Teams Compliance Records and Frontline Office 365 Accounts

Teams and Compliance Records

When people use Teams to communicate, Office 365 captures compliance records in Exchange Online mailboxes. Records for conversations in channels are captured in the group mailbox belonging to the team while records for personal and group chats are in the mailboxes of all chat participants. Teams supports the capture of compliance records for on-premises users in hybrid organizations and for guest accounts using special “phantom” mailboxes. Generally, the scheme works well and the compliance records are available for eDiscovery.

That is, unless your account has a frontline (Office 365 F1) license. In this case, your mailbox quota is 2 GB, which seems enough if it’s only going to be used for an occasional email. But Teams compliance records are charged against the mailbox quota and if the user is involved in many personal or group chats, their quota might be substantially eroded, especially if chat participants share graphics. One of our readers reported that they’ve seen instances where a quarter of the mailbox quota was absorbed by Teams compliance records.

Team Chat Folder

Teams compliance records are stored in the hidden Team Chat sub-folder under Conversation History. Because Team Chat is a system folder that isn’t available to users, you’d assume that its contents would not count against mailbox quota. And for most Office 365 accounts the fact that Team Chat is charged against mailbox quota isn’t an issue because of the standard 100 GB quota.

But the situation is different when a mailbox has a 2 GB quota. I say this in the knowledge that 2 GB is still a big amount. In 1996, original Exchange 4.0 mailboxes enjoyed quotas of between 20 MB and 50 MB. But things are different now. Messages are much larger, we keep everything, and Exchange Online stuffs all manner of data into user mailboxes. In this case, the net result is that a frontline user could find themselves running out of mailbox quota because of compliance records, which doesn’t seem like a good thing.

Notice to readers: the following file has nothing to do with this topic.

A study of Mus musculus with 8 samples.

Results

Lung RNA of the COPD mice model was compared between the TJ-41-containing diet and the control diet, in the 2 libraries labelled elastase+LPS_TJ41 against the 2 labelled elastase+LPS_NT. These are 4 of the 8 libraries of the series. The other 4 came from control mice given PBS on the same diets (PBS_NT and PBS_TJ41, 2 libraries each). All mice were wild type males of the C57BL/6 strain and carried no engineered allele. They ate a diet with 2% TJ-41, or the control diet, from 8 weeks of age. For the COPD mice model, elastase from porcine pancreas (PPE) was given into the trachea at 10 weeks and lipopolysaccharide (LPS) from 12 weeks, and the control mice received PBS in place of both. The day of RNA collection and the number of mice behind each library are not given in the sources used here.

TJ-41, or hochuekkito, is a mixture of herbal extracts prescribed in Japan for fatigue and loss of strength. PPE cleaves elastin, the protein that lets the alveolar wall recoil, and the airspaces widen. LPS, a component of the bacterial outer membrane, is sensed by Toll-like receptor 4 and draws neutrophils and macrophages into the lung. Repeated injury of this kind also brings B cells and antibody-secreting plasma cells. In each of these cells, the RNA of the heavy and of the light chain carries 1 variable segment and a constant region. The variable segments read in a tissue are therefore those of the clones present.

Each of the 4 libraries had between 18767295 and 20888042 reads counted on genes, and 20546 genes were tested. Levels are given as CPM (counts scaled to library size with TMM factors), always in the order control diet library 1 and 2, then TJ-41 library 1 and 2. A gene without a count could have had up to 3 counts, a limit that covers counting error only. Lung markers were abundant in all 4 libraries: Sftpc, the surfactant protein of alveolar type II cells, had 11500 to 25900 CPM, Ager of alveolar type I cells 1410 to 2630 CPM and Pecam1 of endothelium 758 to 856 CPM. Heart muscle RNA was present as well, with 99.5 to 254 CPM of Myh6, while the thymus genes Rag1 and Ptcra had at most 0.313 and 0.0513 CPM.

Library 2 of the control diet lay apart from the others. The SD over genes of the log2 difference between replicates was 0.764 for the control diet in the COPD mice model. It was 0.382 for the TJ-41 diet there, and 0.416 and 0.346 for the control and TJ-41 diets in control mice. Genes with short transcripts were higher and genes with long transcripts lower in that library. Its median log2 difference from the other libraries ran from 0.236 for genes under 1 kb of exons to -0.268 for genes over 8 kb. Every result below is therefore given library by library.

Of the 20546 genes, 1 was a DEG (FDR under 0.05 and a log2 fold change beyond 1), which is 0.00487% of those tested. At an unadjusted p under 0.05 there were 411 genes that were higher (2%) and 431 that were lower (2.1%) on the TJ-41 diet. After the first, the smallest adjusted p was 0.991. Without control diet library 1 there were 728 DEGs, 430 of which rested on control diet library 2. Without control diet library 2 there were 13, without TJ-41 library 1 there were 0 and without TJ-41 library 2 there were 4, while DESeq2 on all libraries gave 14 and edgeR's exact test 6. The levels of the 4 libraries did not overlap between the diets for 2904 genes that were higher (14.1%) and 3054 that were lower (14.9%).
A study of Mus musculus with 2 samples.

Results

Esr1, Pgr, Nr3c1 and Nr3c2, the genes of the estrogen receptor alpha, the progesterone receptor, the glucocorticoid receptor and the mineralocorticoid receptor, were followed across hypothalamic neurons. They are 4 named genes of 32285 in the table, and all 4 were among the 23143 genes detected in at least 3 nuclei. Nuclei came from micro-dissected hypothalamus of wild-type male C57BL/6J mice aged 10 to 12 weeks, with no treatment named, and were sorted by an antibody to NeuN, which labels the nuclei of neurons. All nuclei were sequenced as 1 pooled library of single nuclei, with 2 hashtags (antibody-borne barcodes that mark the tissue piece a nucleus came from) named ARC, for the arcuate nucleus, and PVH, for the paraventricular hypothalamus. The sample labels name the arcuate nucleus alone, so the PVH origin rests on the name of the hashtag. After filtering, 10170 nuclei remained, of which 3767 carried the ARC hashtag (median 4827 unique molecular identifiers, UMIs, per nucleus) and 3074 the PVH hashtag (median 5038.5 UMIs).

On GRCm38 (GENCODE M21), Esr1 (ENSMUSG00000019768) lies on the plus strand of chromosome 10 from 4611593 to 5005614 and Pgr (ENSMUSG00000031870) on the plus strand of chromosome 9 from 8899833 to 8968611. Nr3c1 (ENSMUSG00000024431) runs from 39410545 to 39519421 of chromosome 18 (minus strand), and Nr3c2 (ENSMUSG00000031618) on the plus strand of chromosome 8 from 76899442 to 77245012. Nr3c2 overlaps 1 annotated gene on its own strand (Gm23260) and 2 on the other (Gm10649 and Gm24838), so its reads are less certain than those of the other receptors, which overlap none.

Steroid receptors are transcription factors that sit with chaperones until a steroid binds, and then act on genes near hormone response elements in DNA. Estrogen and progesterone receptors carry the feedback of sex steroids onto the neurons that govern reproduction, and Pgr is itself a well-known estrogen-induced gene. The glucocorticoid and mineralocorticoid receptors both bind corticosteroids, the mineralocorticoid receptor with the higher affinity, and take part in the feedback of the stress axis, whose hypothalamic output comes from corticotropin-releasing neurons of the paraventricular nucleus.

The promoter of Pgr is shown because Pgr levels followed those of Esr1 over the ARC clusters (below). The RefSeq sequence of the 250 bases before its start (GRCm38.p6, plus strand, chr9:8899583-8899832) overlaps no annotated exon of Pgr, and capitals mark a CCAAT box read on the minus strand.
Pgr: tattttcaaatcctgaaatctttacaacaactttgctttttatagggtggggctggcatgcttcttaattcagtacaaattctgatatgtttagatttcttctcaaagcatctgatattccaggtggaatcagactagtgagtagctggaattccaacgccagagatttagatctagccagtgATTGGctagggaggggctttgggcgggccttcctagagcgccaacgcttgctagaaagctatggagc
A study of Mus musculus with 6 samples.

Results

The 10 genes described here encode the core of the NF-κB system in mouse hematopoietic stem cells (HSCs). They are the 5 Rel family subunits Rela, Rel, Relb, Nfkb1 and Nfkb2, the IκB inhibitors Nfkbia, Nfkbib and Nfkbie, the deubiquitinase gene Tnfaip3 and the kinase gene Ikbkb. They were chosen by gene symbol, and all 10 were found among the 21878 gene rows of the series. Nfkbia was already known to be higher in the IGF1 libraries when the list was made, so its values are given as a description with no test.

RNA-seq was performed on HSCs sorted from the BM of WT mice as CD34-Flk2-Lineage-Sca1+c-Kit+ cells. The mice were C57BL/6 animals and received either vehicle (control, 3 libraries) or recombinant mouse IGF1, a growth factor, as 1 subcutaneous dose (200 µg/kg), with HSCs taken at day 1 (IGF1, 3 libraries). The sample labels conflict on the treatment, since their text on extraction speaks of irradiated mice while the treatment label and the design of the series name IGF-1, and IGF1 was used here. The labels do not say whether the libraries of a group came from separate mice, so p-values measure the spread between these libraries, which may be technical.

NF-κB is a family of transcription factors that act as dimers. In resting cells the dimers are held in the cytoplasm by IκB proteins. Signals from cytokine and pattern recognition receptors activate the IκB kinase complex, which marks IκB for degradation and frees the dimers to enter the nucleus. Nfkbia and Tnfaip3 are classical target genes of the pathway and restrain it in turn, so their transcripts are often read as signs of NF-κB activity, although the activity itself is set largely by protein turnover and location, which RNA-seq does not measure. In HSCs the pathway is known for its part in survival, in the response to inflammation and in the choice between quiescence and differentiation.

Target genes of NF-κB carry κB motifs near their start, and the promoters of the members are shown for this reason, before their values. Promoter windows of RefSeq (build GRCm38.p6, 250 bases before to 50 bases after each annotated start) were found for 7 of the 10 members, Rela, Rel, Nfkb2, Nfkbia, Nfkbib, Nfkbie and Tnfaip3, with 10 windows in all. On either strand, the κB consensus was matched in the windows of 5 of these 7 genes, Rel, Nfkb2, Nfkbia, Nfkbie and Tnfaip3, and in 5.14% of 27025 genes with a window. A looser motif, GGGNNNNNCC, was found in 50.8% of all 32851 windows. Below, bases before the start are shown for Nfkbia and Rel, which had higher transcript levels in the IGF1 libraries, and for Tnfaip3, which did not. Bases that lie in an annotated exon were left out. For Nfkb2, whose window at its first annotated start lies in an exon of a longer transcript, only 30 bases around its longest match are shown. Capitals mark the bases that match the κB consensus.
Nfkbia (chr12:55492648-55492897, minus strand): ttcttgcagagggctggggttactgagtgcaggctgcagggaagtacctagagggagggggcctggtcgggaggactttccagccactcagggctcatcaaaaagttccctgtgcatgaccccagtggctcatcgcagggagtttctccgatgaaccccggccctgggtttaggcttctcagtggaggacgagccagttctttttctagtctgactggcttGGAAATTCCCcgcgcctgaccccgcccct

What You Can Do

Unless Microsoft changes the way they measure usage against mailbox quota, the only thing you can do is to periodically check the consumption of frontline mailboxes to ensure that none exhausts their quota. As usual, PowerShell comes in handy. Here’s a code snippet to process all user mailboxes and report the user, total items in mailbox, total size of mailbox, and the amount taken up by Teams compliance items.

The output is a CSV file (Figure 1), as it’s usually easier to analyze this information in Excel.

Analyzing Teams compliance record data in Excel
Figure 1: Analyzing Teams compliance record data in Excel

To improve the script, you could:

  • Only process mailboxes that have frontline licenses.
  • Convert the mailbox size data returned by PowerShell into numeric values (to make it sortable).
  • Add extra mailbox properties to the output.
  • Allocate a higher license to any mailbox approaching their quota.
  • Go wild with your imagination.

Of course, you could also deploy a Teams retention policy for frontline workers to remove items after a shorter period.

In the meantime, we’ve reported the issue to Microsoft and they are looking into the matter.


For more information about managing Teams, including Teams compliance records, read the Office 365 for IT Pros eBook.